12 facts about 1935 Mercury Dime


Designer's Signature: The brilliant Adolph A. Weinman was the creative mind behind the Mercury Dime's design, and his initials (AW) can be found near the coin's neck.

Silver Standard: Like many coins of its time, the 1935 Mercury Dime is composed of 90% silver and 10% copper, giving it a distinct silver shine.

Mintage Figures: Over 58 million Mercury Dimes were produced in 1935, with the majority coming from the Philadelphia Mint, which bears no mint mark.

Mint Marks: Distinguished by their mint marks, those from Denver (D) and San Francisco (S) are particularly sought after by collectors.

Great Depression Era: 1935 was right in the midst of the Great Depression, and these dimes served as small silver tokens of hope and stability during challenging times.

Unique Appearance: The Mercury Dime's unique and artistic design has made it a favorite among collectors and artists alike.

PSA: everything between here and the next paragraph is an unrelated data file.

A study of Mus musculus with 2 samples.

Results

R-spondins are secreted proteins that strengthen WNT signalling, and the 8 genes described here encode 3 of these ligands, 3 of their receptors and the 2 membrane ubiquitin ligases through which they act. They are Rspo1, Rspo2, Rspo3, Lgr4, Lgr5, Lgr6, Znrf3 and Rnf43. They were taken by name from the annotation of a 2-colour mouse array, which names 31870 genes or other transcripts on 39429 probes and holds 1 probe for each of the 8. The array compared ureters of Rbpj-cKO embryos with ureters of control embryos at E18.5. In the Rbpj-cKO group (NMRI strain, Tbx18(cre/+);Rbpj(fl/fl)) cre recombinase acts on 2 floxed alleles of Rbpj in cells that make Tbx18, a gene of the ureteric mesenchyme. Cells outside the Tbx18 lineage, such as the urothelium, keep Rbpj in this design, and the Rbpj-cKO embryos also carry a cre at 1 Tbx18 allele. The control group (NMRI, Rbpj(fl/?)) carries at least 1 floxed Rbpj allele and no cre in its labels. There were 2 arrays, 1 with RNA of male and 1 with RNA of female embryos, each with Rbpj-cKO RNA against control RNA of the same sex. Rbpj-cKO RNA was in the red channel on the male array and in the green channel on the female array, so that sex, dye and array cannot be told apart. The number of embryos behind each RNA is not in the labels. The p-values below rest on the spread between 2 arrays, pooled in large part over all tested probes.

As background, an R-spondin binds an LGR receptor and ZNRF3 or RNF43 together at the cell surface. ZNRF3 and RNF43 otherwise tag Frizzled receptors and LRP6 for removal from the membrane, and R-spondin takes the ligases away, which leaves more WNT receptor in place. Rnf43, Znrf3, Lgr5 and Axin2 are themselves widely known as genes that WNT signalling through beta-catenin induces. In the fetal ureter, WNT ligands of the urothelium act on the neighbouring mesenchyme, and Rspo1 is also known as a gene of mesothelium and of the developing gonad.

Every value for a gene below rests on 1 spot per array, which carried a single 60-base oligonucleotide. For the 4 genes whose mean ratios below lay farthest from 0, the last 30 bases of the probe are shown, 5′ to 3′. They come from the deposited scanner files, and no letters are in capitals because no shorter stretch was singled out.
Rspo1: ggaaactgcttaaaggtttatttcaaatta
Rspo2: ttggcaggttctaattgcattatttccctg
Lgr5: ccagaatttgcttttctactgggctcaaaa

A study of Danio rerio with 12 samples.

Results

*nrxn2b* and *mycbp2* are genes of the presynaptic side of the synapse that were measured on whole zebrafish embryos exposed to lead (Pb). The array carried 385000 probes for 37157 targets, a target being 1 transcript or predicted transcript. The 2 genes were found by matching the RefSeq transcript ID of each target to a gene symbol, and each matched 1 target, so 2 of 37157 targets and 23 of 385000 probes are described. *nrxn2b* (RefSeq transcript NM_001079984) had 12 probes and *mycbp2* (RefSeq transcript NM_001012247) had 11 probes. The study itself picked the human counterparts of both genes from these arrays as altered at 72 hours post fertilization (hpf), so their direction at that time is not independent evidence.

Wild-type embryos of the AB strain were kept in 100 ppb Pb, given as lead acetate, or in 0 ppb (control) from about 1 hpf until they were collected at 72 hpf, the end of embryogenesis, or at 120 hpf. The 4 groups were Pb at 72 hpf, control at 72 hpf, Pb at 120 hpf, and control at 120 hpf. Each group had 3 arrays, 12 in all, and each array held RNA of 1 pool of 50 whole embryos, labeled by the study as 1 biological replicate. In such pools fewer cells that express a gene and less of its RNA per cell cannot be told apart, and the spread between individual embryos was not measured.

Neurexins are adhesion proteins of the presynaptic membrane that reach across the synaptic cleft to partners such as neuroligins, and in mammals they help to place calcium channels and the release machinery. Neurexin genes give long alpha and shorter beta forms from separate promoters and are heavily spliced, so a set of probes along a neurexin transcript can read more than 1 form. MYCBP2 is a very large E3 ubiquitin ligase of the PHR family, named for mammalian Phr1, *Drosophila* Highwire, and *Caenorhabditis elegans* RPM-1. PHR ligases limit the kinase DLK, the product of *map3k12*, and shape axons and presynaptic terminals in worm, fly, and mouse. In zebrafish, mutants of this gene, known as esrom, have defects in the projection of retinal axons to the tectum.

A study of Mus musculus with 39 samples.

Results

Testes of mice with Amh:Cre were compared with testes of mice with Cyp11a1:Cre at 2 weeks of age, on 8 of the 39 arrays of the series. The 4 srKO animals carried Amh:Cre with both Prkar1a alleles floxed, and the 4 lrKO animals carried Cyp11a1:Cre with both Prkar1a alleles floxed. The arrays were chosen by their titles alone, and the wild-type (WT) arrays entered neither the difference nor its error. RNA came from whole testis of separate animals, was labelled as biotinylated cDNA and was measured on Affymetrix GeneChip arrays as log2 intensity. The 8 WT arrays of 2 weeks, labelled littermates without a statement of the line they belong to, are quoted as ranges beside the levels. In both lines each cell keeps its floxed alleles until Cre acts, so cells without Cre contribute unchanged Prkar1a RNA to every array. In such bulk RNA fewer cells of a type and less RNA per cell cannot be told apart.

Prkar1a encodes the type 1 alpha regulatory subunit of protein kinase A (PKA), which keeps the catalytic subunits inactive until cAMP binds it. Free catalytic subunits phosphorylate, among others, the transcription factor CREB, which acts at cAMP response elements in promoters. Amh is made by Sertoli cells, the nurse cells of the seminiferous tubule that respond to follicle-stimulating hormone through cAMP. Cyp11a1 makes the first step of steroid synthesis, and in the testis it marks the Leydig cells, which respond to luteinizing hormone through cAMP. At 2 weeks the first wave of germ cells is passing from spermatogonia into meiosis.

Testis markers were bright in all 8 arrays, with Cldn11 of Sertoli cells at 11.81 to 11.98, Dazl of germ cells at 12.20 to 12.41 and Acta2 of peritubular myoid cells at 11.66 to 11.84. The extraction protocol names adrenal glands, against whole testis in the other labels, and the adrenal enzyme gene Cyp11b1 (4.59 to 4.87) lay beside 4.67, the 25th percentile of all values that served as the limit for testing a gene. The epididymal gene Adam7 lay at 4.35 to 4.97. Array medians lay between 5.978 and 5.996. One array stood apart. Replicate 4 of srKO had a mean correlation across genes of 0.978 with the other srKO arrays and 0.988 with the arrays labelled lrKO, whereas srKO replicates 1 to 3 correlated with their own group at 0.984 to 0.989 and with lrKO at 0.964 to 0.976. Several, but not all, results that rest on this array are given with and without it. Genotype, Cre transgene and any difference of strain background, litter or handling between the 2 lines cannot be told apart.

Varieties Abound: Look for rare varieties like doubled dies or minting errors, as they can significantly increase the coin's value.

Condition Matters: The 1935 Mercury Dime's value varies greatly based on its condition, with uncirculated specimens being particularly prized.

Collector's Dream: This dime is a staple in many coin collections, and its timeless design continues to capture the hearts of collectors worldwide.

Historical Significance: Owning a 1935 Mercury Dime is like holding a piece of American history, as it harks back to a bygone era.

Numismatic Communities: Engage with fellow collectors in online numismatic forums and communities to learn more about the 1935 Mercury Dime and expand your knowledge.